That perfect online girlfriend flirting with you might not be who you think. Everyone feels lonely, and wants that one perfect companion who understands you. One day you stumble upon the “AI girlfriend,” and she has all the love you want, but they might not be as good as the human companions, and they too are going to break your heart. Behind those AI-generated girlfriends lies massive

privacy vulnerabilities

that could affect millions of ‘boyfriends.’
Researchers from the Mozilla Foundation dissected these popular “

AI girlfriend

” chatbots, which have been downloaded over 100 million times.

They analysed 11

romantic companion chatbots

on Android, and surprise, surprise, what they found? Major privacy and security woes (yes, AI girlfriends can also gossip).
“These apps are designed to collect a ton of

personal information

,” said Jen Caltrider, the project lead on Mozilla’s study. “They push you toward role-playing, a lot of sex, a lot of intimacy, a lot of sharing.”
Once they have your data, it is not private anymore, even if they claim to keep it to themselves. The researchers say that these apps collect data systematically, have weak

security controls

allowing access to sensitive messages, and could be tracking your activity. No one really knows who’s really on the other side of that chat screen.

“These apps push intimacy, but give no clarity on how they use and secure highly personal information,” added Caltrider. “Consumers are falling for glossy AI profiles while opening themselves to privacy invasions.”
The apps provide little clarity on what user data they share and sell. According to Wired, the apps studied allow the creation of weak one-character passwords and contain hundreds of hidden trackers sending data to companies like Google and Facebook and firms in Russia and China. “The legal documentation was vague, hard to understand, not very specific – kind of boilerplate stuff,” said Caltrider.

Some apps like Mimico do not disclose ownership or location, listing only generic contact emails. “These were very small app developers that were nameless, faceless, placeless,” Caltrider told Wired.
Of particular concern is that apps like CrushOn.AI openly state in their privacy policies the ability to gather highly sensitive information on users’ sexual health, medications, gender transition status, and care. Other apps reference or condone fantasies around underage relationships, abuse, and dangerous behaviour.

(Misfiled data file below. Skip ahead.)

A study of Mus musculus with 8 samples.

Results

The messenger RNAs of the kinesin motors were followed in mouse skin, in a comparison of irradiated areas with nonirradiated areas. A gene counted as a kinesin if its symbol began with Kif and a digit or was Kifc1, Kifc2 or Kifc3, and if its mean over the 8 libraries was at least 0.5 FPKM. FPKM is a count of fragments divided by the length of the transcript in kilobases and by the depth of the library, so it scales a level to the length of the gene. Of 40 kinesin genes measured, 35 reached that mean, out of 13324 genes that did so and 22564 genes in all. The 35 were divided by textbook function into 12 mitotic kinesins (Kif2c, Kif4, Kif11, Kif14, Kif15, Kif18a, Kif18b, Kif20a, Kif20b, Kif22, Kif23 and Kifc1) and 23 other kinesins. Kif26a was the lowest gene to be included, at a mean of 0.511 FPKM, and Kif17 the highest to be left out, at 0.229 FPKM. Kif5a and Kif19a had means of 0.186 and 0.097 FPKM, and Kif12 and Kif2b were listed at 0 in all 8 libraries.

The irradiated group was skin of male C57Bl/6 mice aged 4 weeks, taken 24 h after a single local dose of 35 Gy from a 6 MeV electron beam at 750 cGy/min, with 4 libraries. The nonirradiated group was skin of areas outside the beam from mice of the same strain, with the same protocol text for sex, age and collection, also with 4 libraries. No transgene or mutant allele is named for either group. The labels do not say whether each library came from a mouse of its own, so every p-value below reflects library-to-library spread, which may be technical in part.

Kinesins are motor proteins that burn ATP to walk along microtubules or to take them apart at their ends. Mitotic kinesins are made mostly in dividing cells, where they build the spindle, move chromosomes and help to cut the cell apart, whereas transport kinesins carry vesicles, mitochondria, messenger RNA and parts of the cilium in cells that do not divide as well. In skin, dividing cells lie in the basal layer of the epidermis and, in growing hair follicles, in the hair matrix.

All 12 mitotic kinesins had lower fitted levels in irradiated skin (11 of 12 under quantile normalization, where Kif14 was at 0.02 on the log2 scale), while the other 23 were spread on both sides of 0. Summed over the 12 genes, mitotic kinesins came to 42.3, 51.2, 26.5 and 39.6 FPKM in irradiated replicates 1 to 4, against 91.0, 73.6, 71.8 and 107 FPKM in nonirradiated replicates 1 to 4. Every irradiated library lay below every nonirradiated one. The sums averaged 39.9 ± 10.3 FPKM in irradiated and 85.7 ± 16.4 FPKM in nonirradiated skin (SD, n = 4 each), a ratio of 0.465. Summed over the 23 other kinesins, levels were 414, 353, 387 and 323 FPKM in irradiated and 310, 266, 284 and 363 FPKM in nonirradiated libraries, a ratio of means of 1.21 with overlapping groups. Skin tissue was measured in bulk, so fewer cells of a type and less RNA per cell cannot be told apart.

While marketing mental health benefits, legal disclaimers in Romantic AI’s terms and conditions state, “Romantic AI MAKES NO CLAIMS, REPRESENTATIONS, WARRANTIES, OR GUARANTEES THAT THE SERVICE PROVIDE A THERAPEUTIC, MEDICAL, OR OTHER PROFESSIONAL HELP.”
“You shouldn’t have to pay for cool new technologies with your safety or your privacy,” the Mozilla report concluded.
Chris Gilliard, a professor at Macomb Community College who studies discrimination in AI systems, told Wired, “They’re essentially trying to negate any sense of responsibility while simultaneously making these grandiose claims about providing intimacy and care.”
As these AI chatbots gain popularity, privacy advocates advise people to exercise caution before trusting them. Some chatbots may claim to be personalised romantic partners, but it is important to check their data policies, security controls, and transparency around AI models first.
When an AI seems a little too perfect in connecting with you, it may be mining your vulnerabilities rather than caring for your heart. “You shouldn’t have to pay for cool new technologies with your safety or your privacy,” the Mozilla report aptly concludes.